How Common is Bullying?
Bullying appears in all racial and ethnic groups and all socioeconomic classes (Orpinas and Horne, 2006), whether schools are large or small, urban or rural (Olweus, 1993). Although most children experience a minor and fleeting form of it at some point during their school careers Juvonen and Graham, 2001; Pepler and Craig, n.d.), for a surprising number bullying is a frequent and serious occurrence.
The first large-scale study of bullying in the United States—a representative sample of more than 15,000 students in grades 6 to 10 in public and private schools throughout the country—revealed that almost 30 percent of children are involved in bullying either moderately ("sometimes") or frequently (once a week or more). Thirteen percent bully others, 10.6 percent are targeted, and 6.3 percent both bully others and are targeted themselves (Nansel et al., 2001). Canadian and U.S. statistics are similar, and when Wendy Craig and Debra Pepler (1997) videotaped and recorded bullying on Toronto playgrounds, they saw a bullying act every seven minutes. More than half of students experience verbal sexual harassment at school occasionally or often, and a third encounter physical sexual harassment just as frequently (American Association of University Women, 2001). According to a study of students in grades 4 to 8, about 40 percent have been bullied online (iSAFE, n.d.).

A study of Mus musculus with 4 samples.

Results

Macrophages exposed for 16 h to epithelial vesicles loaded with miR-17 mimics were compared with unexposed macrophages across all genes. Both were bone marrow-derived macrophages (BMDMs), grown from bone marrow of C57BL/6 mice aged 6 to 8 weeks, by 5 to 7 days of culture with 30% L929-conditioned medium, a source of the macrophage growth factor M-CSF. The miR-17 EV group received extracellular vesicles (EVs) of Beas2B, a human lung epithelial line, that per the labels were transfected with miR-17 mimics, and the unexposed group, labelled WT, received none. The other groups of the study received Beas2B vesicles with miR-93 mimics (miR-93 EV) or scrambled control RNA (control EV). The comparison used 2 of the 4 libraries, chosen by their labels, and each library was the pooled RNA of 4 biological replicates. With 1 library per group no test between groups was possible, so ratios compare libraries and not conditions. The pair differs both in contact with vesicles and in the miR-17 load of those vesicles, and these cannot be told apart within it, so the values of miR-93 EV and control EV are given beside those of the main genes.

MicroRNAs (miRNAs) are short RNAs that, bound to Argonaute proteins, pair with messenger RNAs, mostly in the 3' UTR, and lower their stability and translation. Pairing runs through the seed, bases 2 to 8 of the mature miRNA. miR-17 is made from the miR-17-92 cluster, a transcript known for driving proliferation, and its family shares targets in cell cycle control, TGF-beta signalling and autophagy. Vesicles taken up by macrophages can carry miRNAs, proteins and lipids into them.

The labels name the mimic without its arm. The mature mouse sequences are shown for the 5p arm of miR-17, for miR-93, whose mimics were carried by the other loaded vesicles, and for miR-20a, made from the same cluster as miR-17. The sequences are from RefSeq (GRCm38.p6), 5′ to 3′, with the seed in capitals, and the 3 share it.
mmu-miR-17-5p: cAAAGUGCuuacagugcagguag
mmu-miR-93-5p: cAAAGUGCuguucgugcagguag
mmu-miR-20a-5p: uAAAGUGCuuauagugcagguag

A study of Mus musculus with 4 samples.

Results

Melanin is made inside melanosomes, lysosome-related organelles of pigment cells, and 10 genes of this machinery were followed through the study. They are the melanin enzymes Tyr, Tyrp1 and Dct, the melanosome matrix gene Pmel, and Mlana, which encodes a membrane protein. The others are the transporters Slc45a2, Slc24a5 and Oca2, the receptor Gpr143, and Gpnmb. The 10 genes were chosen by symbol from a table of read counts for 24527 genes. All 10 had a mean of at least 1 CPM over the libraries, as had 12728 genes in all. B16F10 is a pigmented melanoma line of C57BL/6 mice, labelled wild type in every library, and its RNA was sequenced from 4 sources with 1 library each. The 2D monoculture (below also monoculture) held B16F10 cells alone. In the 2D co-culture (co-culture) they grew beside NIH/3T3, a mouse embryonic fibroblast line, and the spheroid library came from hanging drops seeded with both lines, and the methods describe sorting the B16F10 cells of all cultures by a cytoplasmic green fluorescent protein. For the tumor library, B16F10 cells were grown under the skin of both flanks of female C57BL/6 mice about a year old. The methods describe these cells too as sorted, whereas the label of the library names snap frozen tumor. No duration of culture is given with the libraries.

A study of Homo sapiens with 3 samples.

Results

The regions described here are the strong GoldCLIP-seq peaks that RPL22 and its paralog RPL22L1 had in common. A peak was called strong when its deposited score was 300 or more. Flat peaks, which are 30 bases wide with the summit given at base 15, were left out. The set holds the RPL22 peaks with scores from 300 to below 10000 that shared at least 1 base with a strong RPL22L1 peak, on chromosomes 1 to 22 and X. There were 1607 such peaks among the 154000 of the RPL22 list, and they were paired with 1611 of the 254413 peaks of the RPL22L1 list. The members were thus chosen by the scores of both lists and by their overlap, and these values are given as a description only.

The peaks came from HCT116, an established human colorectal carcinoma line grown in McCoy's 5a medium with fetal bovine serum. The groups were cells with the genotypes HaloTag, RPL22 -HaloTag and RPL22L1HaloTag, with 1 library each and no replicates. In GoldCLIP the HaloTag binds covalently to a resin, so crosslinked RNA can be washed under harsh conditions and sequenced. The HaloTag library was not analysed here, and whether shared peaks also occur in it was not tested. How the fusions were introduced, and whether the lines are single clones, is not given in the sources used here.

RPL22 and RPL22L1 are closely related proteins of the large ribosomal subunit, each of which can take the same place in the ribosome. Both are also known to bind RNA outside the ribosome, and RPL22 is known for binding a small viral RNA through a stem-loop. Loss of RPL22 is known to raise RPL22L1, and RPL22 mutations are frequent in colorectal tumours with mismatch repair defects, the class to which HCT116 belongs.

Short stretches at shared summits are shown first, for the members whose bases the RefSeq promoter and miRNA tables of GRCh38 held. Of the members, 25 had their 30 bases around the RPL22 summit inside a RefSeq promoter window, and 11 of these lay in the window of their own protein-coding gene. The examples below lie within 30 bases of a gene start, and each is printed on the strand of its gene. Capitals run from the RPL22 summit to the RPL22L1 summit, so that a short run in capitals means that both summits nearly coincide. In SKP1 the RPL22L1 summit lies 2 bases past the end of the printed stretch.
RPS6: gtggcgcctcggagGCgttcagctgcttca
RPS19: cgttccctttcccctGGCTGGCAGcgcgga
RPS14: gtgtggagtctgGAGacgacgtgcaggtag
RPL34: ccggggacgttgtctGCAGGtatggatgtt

Bullying peaks in early adolescence—during grades 6 to 8 (Nansel et al., 2001)—when students move from small, personal elementary schools to larger, less supportive middle schools, junior highs, or secondary schools. Boys in particular find that bullying is an effective way to establish their status within their new peer group (Pellegrini and Long, 2002). Bullying tapers off in the older grades, but some children never give it up. We call their handiwork by different names in adult life—spousal abuse, child abuse, racism, and sexual harassment (Pepler and Craig, n.d.; Smith, Cowie, and Sharp, 1994).
Because of the secret nature of bullying, teachers often underestimate its prevalence. Craig and Pepler's (1997) videos captured teachers intervening in only 4 percent of bullying incidents, although 75 percent said they always responded. This low rate probably means that the teachers didn't actually see or recognize the harassment.